While Teller is commonly visited by Tundra swans, this bird immediately sparked my curiosity by its size, particularly its long neck, extending several feet in length. With the aid of binoculars and photographs, it was confirmed as a large adult trumpeter swan. I could not distinguish whether this bird was a “cob” (male) or “pen” (female) and it appeared to be alone and likely will not be joining a mate to produce “cygnets” (young) this year.

Thought to be nearing extinction in the late 1800s due to over-harvesting, this magnificent bird represents a true conservation success story involving public and private interests and today we can celebrate as trumpeter swan populations rebound.

Although Montana still has the species listed as a “Species of Concern,” recent expansion of breeding pairs in western Montana is a positive sign that numbers are increasing throughout the intermountain range. A survey estimated Continental population of 11,000 birds in the late 1960s and subsequent surveys conducted every 5 years revealed 63,000 Trumpeters in 2015.

At the forefront of the trumpeter swan recovery were important measures like the Migratory Bird Treaty act that prevented commercial harvest of species like swans and allowed for a slow rebuild of the population and the establishment of National Wildlife Refuges like Red Rock Lakes National Wildlife Refuge where what were thought at the time to be the last few breeding Trumpeters were found in 1932.

Today, nearly 500 trumpeters reside on this refuge that is located within the Greater Yellowstone Ecosystem of the tri-state area of Idaho, Montana and Wyoming.

Also credited with trumpeter swan recovery is the nonprofit Trumpeter Swan Society whose sole mission is, to assure the vitality and welfare of wild trumpeter swans. Margaret Smith, the organization’s executive director, confirmed the Teller photograph of the trumpeter stating, “It might be associated with a group of trumpeters wintering in Oregon. This may be a sub-adult that lost its way or an adult swan in search of a mate and nesting area.”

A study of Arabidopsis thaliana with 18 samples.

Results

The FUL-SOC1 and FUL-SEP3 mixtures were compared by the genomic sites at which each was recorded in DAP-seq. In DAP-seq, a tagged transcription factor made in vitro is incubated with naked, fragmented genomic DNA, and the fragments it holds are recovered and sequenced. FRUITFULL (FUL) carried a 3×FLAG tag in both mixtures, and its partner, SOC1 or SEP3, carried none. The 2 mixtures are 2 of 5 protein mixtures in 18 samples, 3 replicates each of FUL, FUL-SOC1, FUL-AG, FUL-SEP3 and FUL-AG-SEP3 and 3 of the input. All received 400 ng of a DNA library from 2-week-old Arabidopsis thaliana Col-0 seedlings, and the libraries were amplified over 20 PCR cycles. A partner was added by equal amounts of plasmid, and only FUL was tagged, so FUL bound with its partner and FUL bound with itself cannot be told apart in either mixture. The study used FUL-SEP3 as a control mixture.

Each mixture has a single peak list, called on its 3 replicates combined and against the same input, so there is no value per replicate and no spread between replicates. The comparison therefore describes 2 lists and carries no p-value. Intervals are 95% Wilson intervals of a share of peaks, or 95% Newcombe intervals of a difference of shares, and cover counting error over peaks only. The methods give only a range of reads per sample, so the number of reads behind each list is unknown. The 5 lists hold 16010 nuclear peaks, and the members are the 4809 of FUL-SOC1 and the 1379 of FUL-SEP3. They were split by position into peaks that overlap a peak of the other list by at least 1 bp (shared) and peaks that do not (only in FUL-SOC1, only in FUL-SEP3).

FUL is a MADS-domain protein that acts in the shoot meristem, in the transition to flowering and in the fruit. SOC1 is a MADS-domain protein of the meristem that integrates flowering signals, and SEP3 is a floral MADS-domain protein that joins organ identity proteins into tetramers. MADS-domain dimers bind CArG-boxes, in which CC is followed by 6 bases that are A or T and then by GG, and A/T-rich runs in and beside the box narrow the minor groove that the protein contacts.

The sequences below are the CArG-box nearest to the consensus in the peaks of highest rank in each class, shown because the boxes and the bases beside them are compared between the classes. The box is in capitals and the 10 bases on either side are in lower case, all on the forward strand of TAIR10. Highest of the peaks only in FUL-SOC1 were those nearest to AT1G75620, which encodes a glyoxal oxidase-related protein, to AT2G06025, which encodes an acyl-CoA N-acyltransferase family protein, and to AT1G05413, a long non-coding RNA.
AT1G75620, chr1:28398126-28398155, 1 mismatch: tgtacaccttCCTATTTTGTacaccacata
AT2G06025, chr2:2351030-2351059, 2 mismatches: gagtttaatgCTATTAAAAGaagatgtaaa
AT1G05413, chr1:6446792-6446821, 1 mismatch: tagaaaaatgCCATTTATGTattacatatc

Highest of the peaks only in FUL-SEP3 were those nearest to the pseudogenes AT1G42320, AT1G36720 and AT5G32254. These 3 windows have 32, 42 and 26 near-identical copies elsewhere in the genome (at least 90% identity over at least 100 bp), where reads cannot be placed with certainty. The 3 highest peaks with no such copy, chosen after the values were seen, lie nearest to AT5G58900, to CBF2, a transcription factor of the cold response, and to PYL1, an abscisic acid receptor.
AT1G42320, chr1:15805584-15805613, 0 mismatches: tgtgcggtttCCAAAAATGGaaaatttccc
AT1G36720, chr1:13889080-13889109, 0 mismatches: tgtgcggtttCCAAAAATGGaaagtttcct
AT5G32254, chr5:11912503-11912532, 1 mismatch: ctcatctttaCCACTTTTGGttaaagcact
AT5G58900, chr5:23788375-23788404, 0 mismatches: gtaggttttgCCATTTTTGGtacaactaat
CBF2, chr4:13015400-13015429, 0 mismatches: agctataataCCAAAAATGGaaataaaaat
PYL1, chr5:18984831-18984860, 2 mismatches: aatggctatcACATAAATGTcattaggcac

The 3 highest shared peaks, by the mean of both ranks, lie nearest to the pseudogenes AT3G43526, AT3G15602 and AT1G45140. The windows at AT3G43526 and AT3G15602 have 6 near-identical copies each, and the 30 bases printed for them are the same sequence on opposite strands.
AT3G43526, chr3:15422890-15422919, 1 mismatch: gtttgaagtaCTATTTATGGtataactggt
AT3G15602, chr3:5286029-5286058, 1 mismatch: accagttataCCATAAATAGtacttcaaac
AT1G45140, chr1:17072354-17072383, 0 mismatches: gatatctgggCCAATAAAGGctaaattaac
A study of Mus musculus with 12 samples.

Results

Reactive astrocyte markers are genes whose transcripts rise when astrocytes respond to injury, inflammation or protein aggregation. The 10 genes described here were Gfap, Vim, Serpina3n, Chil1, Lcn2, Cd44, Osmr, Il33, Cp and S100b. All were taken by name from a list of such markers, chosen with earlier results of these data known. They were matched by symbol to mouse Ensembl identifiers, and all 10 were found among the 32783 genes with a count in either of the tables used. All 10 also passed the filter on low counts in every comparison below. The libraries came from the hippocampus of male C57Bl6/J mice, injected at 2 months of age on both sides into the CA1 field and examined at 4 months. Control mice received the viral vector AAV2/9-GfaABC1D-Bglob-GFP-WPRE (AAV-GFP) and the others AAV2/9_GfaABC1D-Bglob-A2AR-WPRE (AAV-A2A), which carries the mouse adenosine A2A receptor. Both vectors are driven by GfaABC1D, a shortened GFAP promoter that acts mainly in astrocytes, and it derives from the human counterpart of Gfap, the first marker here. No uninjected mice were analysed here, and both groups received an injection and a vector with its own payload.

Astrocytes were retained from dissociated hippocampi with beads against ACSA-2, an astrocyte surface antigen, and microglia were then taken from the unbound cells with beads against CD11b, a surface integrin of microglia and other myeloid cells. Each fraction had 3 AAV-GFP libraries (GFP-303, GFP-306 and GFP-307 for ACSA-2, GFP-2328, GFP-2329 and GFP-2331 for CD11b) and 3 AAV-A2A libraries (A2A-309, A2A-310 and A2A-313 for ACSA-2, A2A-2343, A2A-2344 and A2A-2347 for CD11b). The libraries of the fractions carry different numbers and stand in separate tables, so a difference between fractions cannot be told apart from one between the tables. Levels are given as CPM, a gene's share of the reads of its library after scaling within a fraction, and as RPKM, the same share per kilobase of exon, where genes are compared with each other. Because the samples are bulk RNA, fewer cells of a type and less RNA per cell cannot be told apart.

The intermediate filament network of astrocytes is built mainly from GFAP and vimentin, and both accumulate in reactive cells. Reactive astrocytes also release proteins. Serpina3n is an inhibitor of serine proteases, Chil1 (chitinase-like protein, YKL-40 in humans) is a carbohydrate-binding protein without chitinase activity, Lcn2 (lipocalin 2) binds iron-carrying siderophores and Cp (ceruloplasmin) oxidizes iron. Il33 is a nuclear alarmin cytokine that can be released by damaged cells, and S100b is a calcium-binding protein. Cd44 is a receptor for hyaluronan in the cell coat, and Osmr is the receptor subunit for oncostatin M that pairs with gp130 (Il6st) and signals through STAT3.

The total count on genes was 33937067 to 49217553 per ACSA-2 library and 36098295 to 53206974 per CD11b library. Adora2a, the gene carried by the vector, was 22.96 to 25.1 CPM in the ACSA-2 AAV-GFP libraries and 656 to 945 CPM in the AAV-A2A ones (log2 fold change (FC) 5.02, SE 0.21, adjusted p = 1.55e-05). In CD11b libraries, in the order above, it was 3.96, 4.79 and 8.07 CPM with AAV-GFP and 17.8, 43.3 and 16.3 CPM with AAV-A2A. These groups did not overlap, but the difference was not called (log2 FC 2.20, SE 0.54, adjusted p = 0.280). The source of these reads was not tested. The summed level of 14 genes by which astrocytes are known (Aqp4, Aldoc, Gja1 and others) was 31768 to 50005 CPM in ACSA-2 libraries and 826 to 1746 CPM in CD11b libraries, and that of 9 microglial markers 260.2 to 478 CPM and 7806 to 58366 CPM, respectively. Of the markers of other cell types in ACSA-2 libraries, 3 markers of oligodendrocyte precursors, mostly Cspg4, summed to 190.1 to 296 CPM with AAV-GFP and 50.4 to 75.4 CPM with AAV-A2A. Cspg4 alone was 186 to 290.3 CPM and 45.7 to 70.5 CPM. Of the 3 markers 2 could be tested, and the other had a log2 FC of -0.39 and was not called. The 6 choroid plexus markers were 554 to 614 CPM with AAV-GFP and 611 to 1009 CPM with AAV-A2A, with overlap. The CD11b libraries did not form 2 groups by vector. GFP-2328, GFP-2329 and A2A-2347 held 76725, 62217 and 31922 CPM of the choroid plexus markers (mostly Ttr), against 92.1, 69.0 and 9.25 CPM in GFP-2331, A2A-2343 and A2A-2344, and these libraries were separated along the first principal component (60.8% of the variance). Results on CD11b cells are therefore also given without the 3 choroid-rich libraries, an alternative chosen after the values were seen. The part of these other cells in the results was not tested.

Swans mate for life and unless this is a sub-adult or an adult that lost its mate, adult birds should be paired up and headed to their nesting grounds where they will typically choose the same nest site year after year. Nest sites are usually built up with bulrush and cattails, sometimes on muskrat mounds out over water. The next can be quite large, measuring 10 feet across with a bowl shape depression holding 4-6 eggs.

As the Teller trumpeter took flight it sounded off its distinct call that sounded like a series of off key trumpet notes. The call is one sure way to differentiate between its smaller cousin, the Tundra Swan that has a higher pitched whooooo-whoooo call.

In the Bitterroot, tundra swans can be seen and heard in November, migrating south through the valley on their way to the Great Salt Lake. The tundra swan is smaller (20 pounds) and possesses a small yellow patch near the lore of the bill where it joins the feathered portion of the head. According to the Cornell Lab of Ornithology, some trumpeters will have a small yellow patch near the lore, but for the most part, the lack of the yellow spot and the larger size are good ways to know it is a trumpeter.

Trumpeters’ long necks allow them to reach several feet under water to feed on aquatic vegetation. Often referred to as a barometer of healthy wetlands, trumpeters, like many waterfowl, depend on clear unpolluted wetlands with a diverse aquatic plant growth to survive.

Unfortunately, poisoning from lead sinkers or split shot found in and around the wetlands where trumpeters feed is the number one cause of mortality.

Number two is collisions with power lines. Weighing in at 30 pounds with a wing span of 10 feet, the trumpeter must still paddle their large webbed fee to assist themselves when they take flight and they are not as quick to avoid air traffic as a smaller bird. Attempts to mark the power lines in areas where trumpeters routinely fly near wintering or breeding areas have reduced some of the often fatal collisions. Hence, it is apparent the value of many private, state, and federal refuges that strive to maintain and protect healthy wetland ecosystems.

Watching this trumpeter once again reminded me of how important conservation properties like Teller are by providing undisturbed stopover habitat for species like the trumpeter. Even if it was just a few days, the resting and foraging habitat provided to this bird will ensure that it will depart to Canada or Alaska in good shape. My hope is that this bird returns next year with a mate to consider raising a brook on Teller.

Sam Lawry, Teller Wildlife Refuge Executive Director has 35 plus years in the wildlife conservation profession. His contributions to the Ravalli Republic are intended to share some of that knowledge of wildlife in the Bitterroot with the community. If you would like more information about Teller Wildlife Refuge please visit our website at www.tellerwildlife.org.